Domestic violence plagues the NFL

Domestic violence — the words evoke a cringe. In recent weeks, not only sports, national and global headlines have been laden with poignant references to those two words in relation first to Ray Rice and now to a host of NFL players.

On Sept. 13, Minnesota Vikings running back Adrian Peterson turned himself in to a jail in Montgomery County, Texas. The Pro-Bowl MVP was indicted two days earlier by a grand jury on charges of reckless and negligent injury to a child; a warrant had been issued for his arrest.

The incident for which he turned himself in — and was released a half hour later after posting $15,000 in bond — occurred in May. His 4-year-old son received what Peterson called a whooping for pushing another one of his children off a bike. The disciplined child received cuts, bruising and bleeding on his back, buttocks, genitals, ankles and legs.

Whether or not corporal punishment is deemed an acceptable form of discipline is not the question to be raised here. For or against this method of punishment, Peterson went too far — he accepts this.
But the violence seems a rapidly spreading plague with no simple panacea.

On Sept. 17, Jonathan Dwyer, backup running back for the Arizona Cardinals, was arrested on six counts spanning two separate incidents dating back to July 21-22. His rap sheet includes one count of causing a fracture to a 27-year-old woman, one count of aggravated assault involving a minor — an 18-month old infant — two counts of criminal damage, one count of preventing the use of a phone in an emergency and assault.

Dwyer now has allegedly combined the horrendous crimes of abusing both a woman and a child. His offenses run the gamut of human derangement.

The violence lies not only on the shoulders of NFL running backs; it’s spread to the defensive side of the ball as well.

Carolina Panthers defensive end Greg Hardy was found guilty in a court of law in July for assaulting a female and communicating threats. Despite his conviction being fairly dated, the 2013 Pro-Bowl selectee was only placed on the Exempt/Commissioner’s Permission List less than 24 hours after the Vikings — both organizations urged on by Commissioner Roger Goodell — placed Peterson on the same list.

This rather opaque list seems to have become a fallback for an NFL confused at how to deal with the onslaught of bad press and threat of lost money.

Ray McDonald, defensive end for the San Francisco 49ers, was arrested on Aug. 31 on suspicion of felony domestic violence, but charges have yet to have been filed. McDonald has been placed on no such exemption list and has started in the opening weeks of the season because, most likely, the charges are not formal.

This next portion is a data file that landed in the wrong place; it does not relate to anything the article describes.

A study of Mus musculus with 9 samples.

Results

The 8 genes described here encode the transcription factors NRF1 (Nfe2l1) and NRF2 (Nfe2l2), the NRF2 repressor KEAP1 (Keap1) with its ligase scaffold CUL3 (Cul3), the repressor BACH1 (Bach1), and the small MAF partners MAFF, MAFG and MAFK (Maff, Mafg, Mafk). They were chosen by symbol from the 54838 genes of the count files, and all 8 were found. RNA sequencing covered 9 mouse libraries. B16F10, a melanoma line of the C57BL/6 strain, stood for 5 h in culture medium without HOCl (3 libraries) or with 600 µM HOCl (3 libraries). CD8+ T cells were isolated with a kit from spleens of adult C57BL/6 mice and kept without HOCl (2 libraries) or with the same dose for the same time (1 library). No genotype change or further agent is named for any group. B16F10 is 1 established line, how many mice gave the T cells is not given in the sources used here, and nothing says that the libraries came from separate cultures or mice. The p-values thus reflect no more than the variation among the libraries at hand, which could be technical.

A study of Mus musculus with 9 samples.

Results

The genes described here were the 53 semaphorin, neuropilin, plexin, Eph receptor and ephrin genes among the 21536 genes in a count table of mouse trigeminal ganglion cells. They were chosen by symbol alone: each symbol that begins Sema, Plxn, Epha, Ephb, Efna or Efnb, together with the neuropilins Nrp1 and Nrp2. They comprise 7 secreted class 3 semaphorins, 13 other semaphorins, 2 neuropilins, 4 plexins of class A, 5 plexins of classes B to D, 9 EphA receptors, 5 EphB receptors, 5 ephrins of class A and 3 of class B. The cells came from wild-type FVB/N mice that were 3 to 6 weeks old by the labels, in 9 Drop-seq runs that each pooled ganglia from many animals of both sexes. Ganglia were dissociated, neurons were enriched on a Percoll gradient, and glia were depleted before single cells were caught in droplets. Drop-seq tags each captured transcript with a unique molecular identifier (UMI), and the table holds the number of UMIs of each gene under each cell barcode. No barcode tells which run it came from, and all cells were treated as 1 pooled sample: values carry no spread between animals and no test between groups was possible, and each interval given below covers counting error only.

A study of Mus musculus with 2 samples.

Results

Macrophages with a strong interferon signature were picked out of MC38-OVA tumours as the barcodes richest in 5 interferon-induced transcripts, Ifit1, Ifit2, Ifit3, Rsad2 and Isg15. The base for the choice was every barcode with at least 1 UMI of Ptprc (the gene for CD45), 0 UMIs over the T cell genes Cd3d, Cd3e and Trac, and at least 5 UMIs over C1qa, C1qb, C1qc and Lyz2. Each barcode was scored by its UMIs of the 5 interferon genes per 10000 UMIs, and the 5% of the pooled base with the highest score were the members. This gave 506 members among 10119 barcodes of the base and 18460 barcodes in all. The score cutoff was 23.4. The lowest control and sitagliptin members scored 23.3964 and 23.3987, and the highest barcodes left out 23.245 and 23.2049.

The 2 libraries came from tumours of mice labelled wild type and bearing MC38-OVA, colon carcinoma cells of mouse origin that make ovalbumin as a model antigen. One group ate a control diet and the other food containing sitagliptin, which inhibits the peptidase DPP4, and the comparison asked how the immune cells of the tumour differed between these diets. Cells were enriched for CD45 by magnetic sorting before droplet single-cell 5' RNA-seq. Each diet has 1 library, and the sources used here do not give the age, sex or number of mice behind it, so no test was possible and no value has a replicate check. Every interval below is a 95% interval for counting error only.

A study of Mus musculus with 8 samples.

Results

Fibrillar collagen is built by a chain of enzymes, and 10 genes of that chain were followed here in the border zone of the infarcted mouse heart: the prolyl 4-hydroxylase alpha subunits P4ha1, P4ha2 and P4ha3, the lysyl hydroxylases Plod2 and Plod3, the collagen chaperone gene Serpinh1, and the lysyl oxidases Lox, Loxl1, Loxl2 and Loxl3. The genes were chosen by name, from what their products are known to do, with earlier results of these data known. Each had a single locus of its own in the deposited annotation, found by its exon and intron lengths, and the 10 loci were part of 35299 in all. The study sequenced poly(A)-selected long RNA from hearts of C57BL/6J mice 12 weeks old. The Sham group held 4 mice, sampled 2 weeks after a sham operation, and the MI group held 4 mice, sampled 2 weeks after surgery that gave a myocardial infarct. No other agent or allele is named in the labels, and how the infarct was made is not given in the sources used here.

The intriguing aspect of the ever-increasing violence debacle arises in Goodell’s response to recent allegations.

Goodell is the only executive who has the authority to place a player on the exemption list, so in the cases of Hardy, Peterson and Dwyer — the latter being the only player to immediately be disciplined with a deactivation from his team — we’ve seen his proactive tendencies increase in a directly proportional relationship to a threat to the NFL’s economic bottom line.

Advertisers are now, after the exponentially inordinate amount of criminal charges, voicing concern at the NFL’s influx of violent acts, though, this move is more likely than not a face-saving venture for the sponsors, rather than an attempt to inculcate a sense of reverence in regard to ending domestic violence.

McDonald’s, Visa, Campbell’s and Nike have all released statements in abhorrence of the domestic violence rife in recent weeks. Most notable of all corporate NFL sponsors to express discontent with the NFL has been Anheuser-Busch — yes, the beer company.

Putting aside the profound irony of an alcohol company opposing domestic violence, the threat to the NFL in losing sponsorship dollars is not economically advantageous and thus must be avoided.

For the NFL to take any proactive measures, it appears the league’s impregnable bank account must first be threatened.

The NFL will recover economically, and all will be right with the world — of football, at least.

Although this is infallible, what remains dubious is whether or not a league dependent on violence can possibly take a true stand against the crime.